6 smart moves when your bank goes bust
Most customers of banks or savings and loans that regulators seize and declare insolvent have little to worry about.
Remember those promos on bank commercials and Web pages about being "FDIC-insured"?
Under new rules in effect at least until Dec. 31, 2009, the Federal Deposit Insurance Corp. will repay individual and joint accounts up to $250,000 in one bank, no questions asked. Certificates of deposit or money market accounts held as part of an IRA also are insured for up to $250,000.
So, why were customers lined up around the block to reclaim their money after what is now IndyMac Federal Bank was seized in 2008?
An astounding 10,000 IndyMac customers had not followed one of the most basic rules of savings: Don't put more than the FDIC-insured limit in any one bank or account. Spread it around.
Here's what to do if you have money in any bank that might be in danger of failing:
Smart move 1. Figure out how much of your money is insured.
The FDIC's rules are surprisingly liberal and were just increased in October.
If your total deposits in one account category -- for example, single or joint -- at one institution are $250,000 or less, you're golden.
You can have one account in your name, one in the name of you and your spouse and one in just your spouse's name, and each one would be insured up to $250,000.
Smart move 2. Sit tight if all of your deposits are insured.
You'll be able to withdraw all or any part of your savings whenever you need it.
When a bank fails, federal regulators manage the business until they can deal with all of the bad loans and sell what's left of the business to another financial company. So you can still make deposits at a local branch, withdraw cash at ATMs, write checks and bank online.
Although the government usually waives early-withdrawal penalties, as it did at IndyMac, it also will honor the terms of most CDs.
So if you have a 12-month or 18-month CD at a great rate -- and IndyMac was offering some of the best rates in the country before it failed -- you can still collect.
Customers who pull their money out of a bank because they fear it might fail, will have to pay the early-withdrawal penalties. That's another unnecessary loss if you have less than $250,000 in total deposits.
Smart move 3. Spread your savings around if you have any uninsured deposits.
Consider IndyMac to be a great, big, wake-up call.
If you have more than $250,000 under one name in any one account, move the excess savings to another account or bank right now.
Start with the money in savings or money market accounts that don't impose early-withdrawal penalties and CDs that are maturing in the next month or two.
IndyMac will not be the last bank to fail because it made a bunch of bad loans -- primarily subprime mortgages. The FDIC now has 171 banks and thrifts on its "problem list," up from 117 in the second quarter of 2008.
It doesn't say which ones are in financial peril because it fears such a warning would cause customers to flee, making it even more likely they would fail.
But smart savers never worry about which banks are on the problem list. They know they're covered if they don't have more than $250,000 under one name in any bank.
Smart move 4. File a claim with the FDIC for deposits that aren't insured.
Your first $250,000 is automatically covered, and you'll get most of any additional, uninsured deposits back.
At IndyMac, for example, customers were allowed to immediately withdraw up to the FDIC-insured limit plus half of all uninsured deposits in excess of that.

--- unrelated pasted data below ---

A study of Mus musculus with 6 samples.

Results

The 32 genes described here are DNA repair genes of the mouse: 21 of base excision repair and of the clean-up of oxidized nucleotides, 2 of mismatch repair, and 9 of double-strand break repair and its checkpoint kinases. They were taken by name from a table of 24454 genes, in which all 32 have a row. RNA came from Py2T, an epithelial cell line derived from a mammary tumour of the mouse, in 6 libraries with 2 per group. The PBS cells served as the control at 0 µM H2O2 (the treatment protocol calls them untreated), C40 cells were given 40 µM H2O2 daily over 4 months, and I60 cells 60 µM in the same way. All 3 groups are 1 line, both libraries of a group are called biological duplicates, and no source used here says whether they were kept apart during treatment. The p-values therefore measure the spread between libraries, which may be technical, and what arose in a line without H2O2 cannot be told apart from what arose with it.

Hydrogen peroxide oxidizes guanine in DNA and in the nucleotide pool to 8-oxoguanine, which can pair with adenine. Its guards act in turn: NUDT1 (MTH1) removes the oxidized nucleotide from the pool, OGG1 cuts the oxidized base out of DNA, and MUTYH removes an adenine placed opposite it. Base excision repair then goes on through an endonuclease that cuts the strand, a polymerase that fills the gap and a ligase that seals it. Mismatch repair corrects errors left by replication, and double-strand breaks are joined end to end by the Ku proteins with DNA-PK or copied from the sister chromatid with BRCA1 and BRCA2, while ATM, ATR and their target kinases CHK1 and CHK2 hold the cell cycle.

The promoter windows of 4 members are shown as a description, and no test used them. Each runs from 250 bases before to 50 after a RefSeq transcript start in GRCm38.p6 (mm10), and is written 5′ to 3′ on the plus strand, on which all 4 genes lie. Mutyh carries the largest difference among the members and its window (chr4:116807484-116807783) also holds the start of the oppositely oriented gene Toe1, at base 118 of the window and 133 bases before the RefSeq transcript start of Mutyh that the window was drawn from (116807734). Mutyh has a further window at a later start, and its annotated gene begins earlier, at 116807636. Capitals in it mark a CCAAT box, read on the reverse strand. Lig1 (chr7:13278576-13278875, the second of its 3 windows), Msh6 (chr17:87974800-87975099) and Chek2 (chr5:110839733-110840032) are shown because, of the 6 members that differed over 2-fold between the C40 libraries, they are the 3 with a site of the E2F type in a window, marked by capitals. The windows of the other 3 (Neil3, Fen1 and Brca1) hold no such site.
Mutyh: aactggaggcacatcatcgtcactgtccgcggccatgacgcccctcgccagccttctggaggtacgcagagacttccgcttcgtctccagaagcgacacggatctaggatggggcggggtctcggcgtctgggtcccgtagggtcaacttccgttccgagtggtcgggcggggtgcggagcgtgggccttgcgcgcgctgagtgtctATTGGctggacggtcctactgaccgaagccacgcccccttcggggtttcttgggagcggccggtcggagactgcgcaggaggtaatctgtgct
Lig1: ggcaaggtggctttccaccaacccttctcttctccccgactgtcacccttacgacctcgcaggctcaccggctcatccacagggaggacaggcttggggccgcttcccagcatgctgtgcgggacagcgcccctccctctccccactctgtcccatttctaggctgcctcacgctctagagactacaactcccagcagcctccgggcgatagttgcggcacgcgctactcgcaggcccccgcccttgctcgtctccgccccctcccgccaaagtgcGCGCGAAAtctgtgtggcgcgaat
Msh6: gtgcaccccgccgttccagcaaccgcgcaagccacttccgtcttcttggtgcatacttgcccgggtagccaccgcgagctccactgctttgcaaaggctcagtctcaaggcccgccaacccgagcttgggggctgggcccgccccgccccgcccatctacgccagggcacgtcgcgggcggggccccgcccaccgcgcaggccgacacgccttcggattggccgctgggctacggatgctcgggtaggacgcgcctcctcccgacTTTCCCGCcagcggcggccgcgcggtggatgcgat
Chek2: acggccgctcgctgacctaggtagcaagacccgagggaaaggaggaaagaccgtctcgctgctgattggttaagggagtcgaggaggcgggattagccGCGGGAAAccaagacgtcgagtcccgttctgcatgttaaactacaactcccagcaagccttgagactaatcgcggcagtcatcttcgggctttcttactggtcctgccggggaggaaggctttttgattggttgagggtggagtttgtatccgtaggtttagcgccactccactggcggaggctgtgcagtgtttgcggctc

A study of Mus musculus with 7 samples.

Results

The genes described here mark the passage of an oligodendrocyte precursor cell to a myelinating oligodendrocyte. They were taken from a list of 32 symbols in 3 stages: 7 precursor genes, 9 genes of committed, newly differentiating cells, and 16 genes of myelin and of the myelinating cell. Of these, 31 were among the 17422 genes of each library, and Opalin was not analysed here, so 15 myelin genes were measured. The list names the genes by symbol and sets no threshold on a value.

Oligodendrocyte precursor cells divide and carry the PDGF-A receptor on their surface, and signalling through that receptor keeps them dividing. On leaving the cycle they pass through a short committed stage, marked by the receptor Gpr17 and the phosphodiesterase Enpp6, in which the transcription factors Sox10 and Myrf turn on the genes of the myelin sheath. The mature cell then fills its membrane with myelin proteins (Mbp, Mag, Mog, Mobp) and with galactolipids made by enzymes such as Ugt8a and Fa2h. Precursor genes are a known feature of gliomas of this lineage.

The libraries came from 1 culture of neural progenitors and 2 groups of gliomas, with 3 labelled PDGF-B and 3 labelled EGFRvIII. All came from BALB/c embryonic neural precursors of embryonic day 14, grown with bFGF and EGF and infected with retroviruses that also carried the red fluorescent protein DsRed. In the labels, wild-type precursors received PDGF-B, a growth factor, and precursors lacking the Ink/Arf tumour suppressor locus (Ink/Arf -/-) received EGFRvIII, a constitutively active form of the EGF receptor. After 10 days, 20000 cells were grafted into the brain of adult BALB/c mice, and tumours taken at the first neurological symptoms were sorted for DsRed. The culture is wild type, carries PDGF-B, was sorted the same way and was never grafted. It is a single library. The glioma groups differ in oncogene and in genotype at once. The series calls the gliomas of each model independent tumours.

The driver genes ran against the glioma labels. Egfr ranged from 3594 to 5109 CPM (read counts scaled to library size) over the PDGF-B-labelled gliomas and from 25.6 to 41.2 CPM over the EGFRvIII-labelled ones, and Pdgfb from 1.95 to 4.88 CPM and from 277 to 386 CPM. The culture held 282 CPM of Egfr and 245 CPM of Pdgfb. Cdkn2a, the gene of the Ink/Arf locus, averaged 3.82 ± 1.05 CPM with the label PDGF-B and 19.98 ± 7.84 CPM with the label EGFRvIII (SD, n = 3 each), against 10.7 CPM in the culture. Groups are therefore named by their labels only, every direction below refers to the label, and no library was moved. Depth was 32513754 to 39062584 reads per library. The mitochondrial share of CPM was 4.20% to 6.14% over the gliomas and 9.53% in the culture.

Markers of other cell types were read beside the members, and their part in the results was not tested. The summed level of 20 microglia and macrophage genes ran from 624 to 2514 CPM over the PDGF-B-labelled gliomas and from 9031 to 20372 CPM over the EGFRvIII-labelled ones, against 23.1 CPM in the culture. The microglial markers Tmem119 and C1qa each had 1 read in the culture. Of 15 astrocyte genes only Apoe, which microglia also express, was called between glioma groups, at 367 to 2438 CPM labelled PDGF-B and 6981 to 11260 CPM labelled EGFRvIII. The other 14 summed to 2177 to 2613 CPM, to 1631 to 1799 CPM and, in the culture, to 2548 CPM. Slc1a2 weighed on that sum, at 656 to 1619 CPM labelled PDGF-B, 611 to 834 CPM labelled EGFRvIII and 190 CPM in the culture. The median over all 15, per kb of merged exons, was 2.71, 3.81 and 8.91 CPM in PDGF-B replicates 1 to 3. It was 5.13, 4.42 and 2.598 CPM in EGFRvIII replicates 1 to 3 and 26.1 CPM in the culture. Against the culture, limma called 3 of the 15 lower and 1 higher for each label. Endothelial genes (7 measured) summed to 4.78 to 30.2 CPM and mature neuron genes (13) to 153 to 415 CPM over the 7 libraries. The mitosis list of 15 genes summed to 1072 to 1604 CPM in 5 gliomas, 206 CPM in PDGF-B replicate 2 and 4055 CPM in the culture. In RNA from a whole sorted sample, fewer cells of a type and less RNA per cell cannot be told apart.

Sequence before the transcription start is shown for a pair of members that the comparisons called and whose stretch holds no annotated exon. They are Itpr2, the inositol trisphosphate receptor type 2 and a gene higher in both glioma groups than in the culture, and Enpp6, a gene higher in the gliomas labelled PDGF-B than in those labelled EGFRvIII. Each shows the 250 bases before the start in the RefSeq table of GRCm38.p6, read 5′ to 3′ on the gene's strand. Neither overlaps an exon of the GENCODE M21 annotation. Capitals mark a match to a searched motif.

You can then make an appointment with the FDIC to file a claim for the remaining money.
It may take months, or even years, to collect, but government managers usually find a way to repay about 70% to 80% of all uninsured deposits.
Smart move 5. Shop around for the best rates.
While the FDIC will continue to pay the interest rates promised by your defunct bank, it won't necessarily offer the best rates when it's time to renew.
That's especially true because banks on the verge of insolvency often will offer the most lucrative rates in an attempt to keep customers from fleeing. You'll almost certainly be paid less if you allow CDs to automatically roll over.
Just before it was seized, IndyMac was offering one-year CDs for 4.45% -- far more than any other bank in the country.
When the FDIC took over, it immediately cut that rate to 4.15%. We expect IndyMac's CD rates will continue to fall back toward the national average over the next few months.
Our extensive database of the best CD rates is a good place to start looking for rates.
Smart move 6. Be prepared to have your home equity line of credit frozen.
The FDIC has frozen all of IndyMac's home equity lines of credit. Those customers can no longer borrow money against their homes until their account has been reviewed and re-approved.
That's not surprising.
IndyMac and many other lenders, including Chase, Bank of America, Washington Mutual and USAA Federal Savings Bank, have already frozen 600,000 accounts nationwide.
Homeowners who live in what's considered a distressed housing market -- such as California, Florida, Arizona and Nevada, where prices have declined 10% or more -- have been particularly vulnerable to being cut off.
If you depend on a home equity line of credit for your emergency fund, take some money out now and save it.
That's especially good advice if your HELOC is from a bank or thrift suffering from a string of unprofitable quarters and a rapidly falling stock price.
Yes, taking out the money now will cost you a little. If, for example, you borrowed $20,000 at 5% and put it in a CD earning 3.5%, you'd pay about $25 a month more in interest than you earned.
But you'll have peace of mind knowing that the money's there when you need it.